Assessing My Strengths and Weaknesses as a Guitarist

I must confess that I am quite embarrassed by the quality of the videos I’ve put up so far.  And by that, I am talking about both the quality of the video (I know that as handy as the webcam built into my MacBook Pro is, it’s really not adequate for a watchable video) and the quality of my playing.  Videoing yourself is always a good, if sobering, assessment of one’s skills — and now that I am recording videos regularly I feel that I have a good picture of where I am as a guitarist.

I am not a professional guitarist.  I’ve gotten paid for making music in the past but never for my guitar playing.  I don’t consider myself to have chops to be a professional right now.  That said, I do also think I have the capacity/potential to become one, and I intend to fulfill that capacity.  What’s separating me from my goal is time — I simply haven’t put in enough time as a guitarist to fully realize my potential.

So here are my self-assessment of my strengths and weaknesses:


  • Guitar-based songwriting: I do feel very strongly about using guitar as a creative tool for writing songs.
  • Chords/Voicing: I have room to grow in terms of jazzy chord vocabularies/progressions, but in the realm of rock/pop/folk I use unusual chords, progressions, and voicing.
  • Strumming: I feel very confident about creating grooves with my rhythm guitar.  I have room to grow in terms of fast funk rhythm and slow, slightly-behind-the-beat in-the-pocket grooving.  But when I’m holding down the rhythm guitar, I can make the song/band sound good.
  • Vibrato: Not quite at the point of having a signature sound just from distinct vibrato (like B.B. King or Santana) but I have a pretty good command in vibratos.  Bend-and-shake needs more practice time, as I don’t have enough strength to do it consistently.
  • Melodic guitar solo composing: If I have time to work it out, I feel very good about being able to put together a solo that both fits the song while creating a great contrast from the rest of the song.


  • Accuracy: This is where I feel the shortage of woodshedding and performing time really shows.  I can’t play anything accurately consistently.  Sure, there are things I can play — but I am just not solid enough to play it without making mistakes, every time I play it.
  • Speed: I am not one to say faster is better, but I so desire to be able to convey my passion for guitar/music through fast, fiery playing.  Alas, I really can’t play fast.
  • Ear training: Actually I need to explain — I have “perfect” pitch (or more accurately, pitch recognition ability) so I can figure out and learn other people’s songs super fast.  But where I suck is translating what I hear in my head onto the fretboard.  If I am singing, I can create great phrases freely.  On the guitar, that never translates — I have no idea what are the notes I’m hearing.  In some ways I feel like my perfect pitch is in the way of learning how to translate what I hear in my head to my playing.
  • Improvising: if I can write well using my guitar, I should be able to improvise — because it’s the same process, just one quicker than the other.  But again, my lack of chops and inability to translate notes from my imagination to fingers really limit my improvisation skills.  If the tempo’s slow and chord progression is easy, I can do some stuff.  But it takes me a lot of trial and error to figure out the phrases I am hearing in my head, and then I have to practice playing it a while before I can pull it off.  If I try to stick to the stuff I can execute, then my improvisation gets severely constrained and boring.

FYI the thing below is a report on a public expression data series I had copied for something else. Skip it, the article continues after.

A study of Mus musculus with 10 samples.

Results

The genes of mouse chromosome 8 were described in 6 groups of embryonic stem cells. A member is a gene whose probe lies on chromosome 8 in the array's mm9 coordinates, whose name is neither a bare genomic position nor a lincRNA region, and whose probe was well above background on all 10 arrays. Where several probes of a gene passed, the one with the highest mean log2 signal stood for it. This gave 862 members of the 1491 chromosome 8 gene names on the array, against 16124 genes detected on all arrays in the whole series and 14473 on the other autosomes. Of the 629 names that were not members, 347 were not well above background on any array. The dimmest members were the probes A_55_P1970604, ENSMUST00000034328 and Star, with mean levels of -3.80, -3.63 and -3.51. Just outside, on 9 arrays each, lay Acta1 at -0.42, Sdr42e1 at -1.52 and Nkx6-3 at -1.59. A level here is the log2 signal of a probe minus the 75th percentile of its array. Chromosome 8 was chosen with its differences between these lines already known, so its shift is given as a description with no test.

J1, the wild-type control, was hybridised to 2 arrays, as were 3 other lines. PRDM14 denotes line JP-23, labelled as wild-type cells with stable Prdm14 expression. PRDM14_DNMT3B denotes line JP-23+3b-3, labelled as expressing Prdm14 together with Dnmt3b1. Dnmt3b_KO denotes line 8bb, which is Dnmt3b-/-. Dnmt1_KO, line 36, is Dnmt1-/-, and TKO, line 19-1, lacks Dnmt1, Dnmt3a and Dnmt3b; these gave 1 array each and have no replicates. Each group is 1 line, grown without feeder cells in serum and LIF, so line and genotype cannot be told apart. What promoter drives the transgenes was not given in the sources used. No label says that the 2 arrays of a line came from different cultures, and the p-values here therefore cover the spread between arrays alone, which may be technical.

In the last year or so I’ve become fairly disciplined about practicing, so I feel that I am probably progressing as fast as I can expect to — given the limited amount of time I can dedicate to practicing.  I’ll probably improve in leaps and bounds if I spent more time and/or if I performed publicly on a regular basis.  I’ve never been in a situation where I’m part of a band playing regular gigs.  I’ve played a number of gigs but bands and songs always kept changing, so I haven’t had the experience of really getting some songs under my fingers.

I yearn for that kind of experience — really taking the time to practice individually, rehearse collectively, and gigging often to really grow into a set of songs.  Right now my family and professional priorities dictate that I can’t pursue that level of activity.  But I will continue to practice and write on guitar regularly, making the best of things I can do.  In time I will up my time on guitar/music and then nothing will stop me from realizing my potential.  I can’t wait!

Anyway, I believe that doing an honest self-assessment of yourself as a guitarist is an important activity.  If you’re taking lessons, you can discuss your self-assessment with your teacher to see if s/he agrees with you or has suggestions for how to expand your strengths and overcome your weaknesses.  One thing to note, though, is that it’s perfectly all right not to correct all your weaknesses — in my opinion it’s more important to have very strong strengths than to be so-so without any real weaknesses.  I myself am interested in overcoming my weaknesses listed above (there are other weaknesses/things I can’t do but I didn’t list them b/c I don’t care about them) because they are hindrance to what I want to be as a guitar player.  But I have no doubt that most, if not all, of my value as a guitar player will come from my existing strengths, even if I end up overcoming all my weaknesses.

So — where are you as a guitar player.  Are you where you want to be?